Lately I've been looking a lot at The Topaz Story Book's many stories for autumn. So when I went looking for stories about goldenrod and asters I was delighted to see a story about both plants in the same tale. I also saw it was in The Topaz Story Book. Read it there and noted it was "adapted." Since the original author, Flora J. Cooke, was also easily located at Project Gutenberg, I compared the two. Differences are minimal...almost as if the Skinner sisters wanted to take credit for "adapting" it.
Ms Cooke was active during the first half of the twentieth century's "Progressive" school movement and especially for the secondary school. As a result her book title of Nature Myths and Stories with the title continuing as For Little Children I think is a bit misleading as we would apply it today. Similarly her other book, Greek Myths for Children, might today have a slightly broader audience than the title of the two books implies. (Another view of her work is an essay at Thefreelibrary.com.)
Here's her story of why these two plants are so often seen together. May it pop into your head when you see them!
GOLDEN-ROD AND ASTER.
OLDEN HAIR and Blue Eyes lived at the foot of a great hill.
On the top of this hill in a little hut lived a strange, wise woman.
It was said that she could change people into anything she wished. She looked so grim and severe that people were afraid to go near her.
One summer day the two little girls at the foot of the hill thought they would like to do something to make everybody happy.
“I know,” said Golden Hair, “Let us go and ask the woman on the hill about it. She is very wise and can surely tell us just what to do.”
“Oh, yes,” said Blue Eyes, and away they started at once.
It was a warm day and a long walk to the top of the hill.
They could find no flowers, but they made a basket of oak leaves and filled it with berries for the wise woman.
They fed the fish in the brook and talked to the squirrels and the birds.
They walked on and on in the rocky path.
After a while the sun went down. The birds stopped singing.
The squirrels went to bed.
The trees fell asleep.
Even the wind was resting.
Oh, how still and cool it was on the hillside!
The moon and stars came out.
The frogs and toads awoke.
The night music began.
The beetles and fireflies flew away to a party.
But the tired little children climbed on towards the hilltop.
At last they reached it.
There at the gate was the strange, old woman, looking even more stern than usual.
The little girls were frightened. They clung close together while brave Golden Hair said, “we know you are wise and we came to see if you would tell us how to make everyone happy.”
“Please let us stay together,” said timid Blue Eyes.
As she opened the gate for the children, the wise woman was seen to smile in the moonlight. The two little girls were never seen again at the foot of the hill. The next morning all over the hillside people saw beautiful, waving golden-rod and purple asters growing.
It has been said that these two bright flowers, which grow side by side, could tell the secret, if they would, of what became of the two little girls on that moonlight summer night.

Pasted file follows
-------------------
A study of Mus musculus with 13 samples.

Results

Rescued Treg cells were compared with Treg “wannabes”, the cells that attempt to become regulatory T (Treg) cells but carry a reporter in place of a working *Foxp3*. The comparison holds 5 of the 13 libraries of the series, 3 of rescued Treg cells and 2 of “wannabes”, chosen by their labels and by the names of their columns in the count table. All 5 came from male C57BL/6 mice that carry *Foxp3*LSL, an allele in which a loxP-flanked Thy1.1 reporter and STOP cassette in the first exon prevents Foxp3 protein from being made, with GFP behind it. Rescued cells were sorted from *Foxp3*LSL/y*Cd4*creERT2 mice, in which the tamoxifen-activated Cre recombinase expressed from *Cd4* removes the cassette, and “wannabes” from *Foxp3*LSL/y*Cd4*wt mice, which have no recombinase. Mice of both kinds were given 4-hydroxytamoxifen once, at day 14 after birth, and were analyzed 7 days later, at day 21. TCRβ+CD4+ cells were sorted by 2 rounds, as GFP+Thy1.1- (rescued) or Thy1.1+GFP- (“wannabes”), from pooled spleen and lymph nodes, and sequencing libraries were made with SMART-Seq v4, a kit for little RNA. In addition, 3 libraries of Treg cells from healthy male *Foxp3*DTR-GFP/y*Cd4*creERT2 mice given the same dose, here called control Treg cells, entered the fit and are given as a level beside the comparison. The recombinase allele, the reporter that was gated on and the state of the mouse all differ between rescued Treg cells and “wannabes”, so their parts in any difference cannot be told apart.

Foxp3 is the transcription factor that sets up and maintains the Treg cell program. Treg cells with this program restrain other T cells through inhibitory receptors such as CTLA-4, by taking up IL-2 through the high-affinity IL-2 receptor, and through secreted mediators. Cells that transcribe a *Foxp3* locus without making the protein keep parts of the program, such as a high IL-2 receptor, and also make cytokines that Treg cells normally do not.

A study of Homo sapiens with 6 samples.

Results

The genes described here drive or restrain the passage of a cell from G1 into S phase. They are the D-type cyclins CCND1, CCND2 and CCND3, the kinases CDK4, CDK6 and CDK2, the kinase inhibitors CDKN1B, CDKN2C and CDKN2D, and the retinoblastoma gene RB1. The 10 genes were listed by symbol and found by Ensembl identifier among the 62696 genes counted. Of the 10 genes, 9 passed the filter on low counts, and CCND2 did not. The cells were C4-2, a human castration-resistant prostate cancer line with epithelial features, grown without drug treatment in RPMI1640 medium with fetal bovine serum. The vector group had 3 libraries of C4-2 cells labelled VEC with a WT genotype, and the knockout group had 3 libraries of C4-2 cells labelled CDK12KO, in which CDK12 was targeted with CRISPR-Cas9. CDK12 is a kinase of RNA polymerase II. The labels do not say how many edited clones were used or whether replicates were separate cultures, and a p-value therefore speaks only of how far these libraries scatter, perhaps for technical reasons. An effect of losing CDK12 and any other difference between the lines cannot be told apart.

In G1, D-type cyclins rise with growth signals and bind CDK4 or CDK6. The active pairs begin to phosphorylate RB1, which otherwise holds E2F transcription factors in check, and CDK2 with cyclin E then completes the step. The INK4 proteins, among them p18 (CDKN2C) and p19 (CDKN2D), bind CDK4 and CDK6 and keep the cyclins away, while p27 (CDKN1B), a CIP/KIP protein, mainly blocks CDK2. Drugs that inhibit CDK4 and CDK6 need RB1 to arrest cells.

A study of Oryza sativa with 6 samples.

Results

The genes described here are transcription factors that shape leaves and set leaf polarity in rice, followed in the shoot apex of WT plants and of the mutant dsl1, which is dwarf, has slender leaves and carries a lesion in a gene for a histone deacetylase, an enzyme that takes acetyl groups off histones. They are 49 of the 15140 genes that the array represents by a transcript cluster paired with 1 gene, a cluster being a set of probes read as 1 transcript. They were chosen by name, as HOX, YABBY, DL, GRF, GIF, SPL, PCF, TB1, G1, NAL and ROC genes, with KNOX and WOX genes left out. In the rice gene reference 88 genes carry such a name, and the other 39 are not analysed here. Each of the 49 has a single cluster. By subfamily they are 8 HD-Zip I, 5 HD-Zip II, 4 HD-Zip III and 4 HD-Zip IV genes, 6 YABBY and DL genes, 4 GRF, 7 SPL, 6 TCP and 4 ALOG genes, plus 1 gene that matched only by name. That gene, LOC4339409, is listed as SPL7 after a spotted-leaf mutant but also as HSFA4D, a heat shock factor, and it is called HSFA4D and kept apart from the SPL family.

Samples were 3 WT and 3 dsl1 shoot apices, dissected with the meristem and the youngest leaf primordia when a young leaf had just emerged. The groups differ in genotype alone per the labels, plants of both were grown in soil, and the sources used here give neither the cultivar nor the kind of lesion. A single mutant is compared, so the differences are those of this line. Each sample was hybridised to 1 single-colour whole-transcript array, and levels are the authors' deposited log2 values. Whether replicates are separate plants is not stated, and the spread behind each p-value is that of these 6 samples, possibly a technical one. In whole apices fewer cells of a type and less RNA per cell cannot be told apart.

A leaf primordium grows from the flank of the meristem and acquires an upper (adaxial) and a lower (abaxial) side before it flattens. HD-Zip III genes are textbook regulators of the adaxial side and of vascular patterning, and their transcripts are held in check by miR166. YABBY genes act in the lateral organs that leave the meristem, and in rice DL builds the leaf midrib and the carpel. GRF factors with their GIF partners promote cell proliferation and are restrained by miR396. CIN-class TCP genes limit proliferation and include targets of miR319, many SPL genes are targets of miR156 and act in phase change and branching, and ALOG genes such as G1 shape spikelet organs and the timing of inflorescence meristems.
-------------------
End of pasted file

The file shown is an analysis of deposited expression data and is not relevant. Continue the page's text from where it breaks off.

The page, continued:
The story was also anthologized in Bailey and Lewis's For the Children's Hour; Hall and Gilman's Story Land. 2d reader; McFee's Treasury of Flower Stories; Pratt's Fairyland of Flowers as well as by the Skinners. Obviously a sign of a story considered worth "Keeping the Public in Public Domain.
This is part of a series of postings of stories under the category, "Keeping the Public in Public Domain." The idea behind Public Domain was to preserve our cultural heritage after the authors and their immediate heirs were compensated. I feel strongly current copyright law delays this intent on works of the 20th century. My own library of folklore includes so many books within the Public Domain I decided to share stories from them. I hope you enjoy discovering new stories.
At the same time, my own involvement in storytelling regularly creates projects requiring research as part of my sharing stories with an audience. Whenever that research needs to be shown here, the publishing of Public Domain stories will not occur that week. This is a return to my regular posting of a research project here. (Don't worry, this isn't dry research, my research is always geared towards future storytelling to an audience.) Response has convinced me that "Keeping the Public in Public Domain" should continue along with my other postings as often as I can manage it.
Other Public Domain story resources I recommend-
There are many online resources for Public Domain stories, maybe none for folklore is as ambitious as fellow storyteller, Yoel Perez's database, Yashpeh, the International Folktales Collection. I have long recommended it and continue to do so. He has loaded Stith Thompson's Motif Index into his server as a database so you can search the whole 6 volumes for whatever word or expression you like by pressing one key. http://folkmasa.org/motiv/motif.htm
You may have noticed I'm no longer certain Dr. Perez has the largest database, although his offering the Motif Index certainly qualifies for those of us seeking specific types of stories. There's another site, FairyTalez claiming to be the largest, with "over 2000 fairy tales, folktales, and fables" and they are "fully optimized for phones, tablets, and PCs", free and presented without ads.
Between those two sites, there is much for story-lovers, but as they say in infomercials, "Wait, there's more!"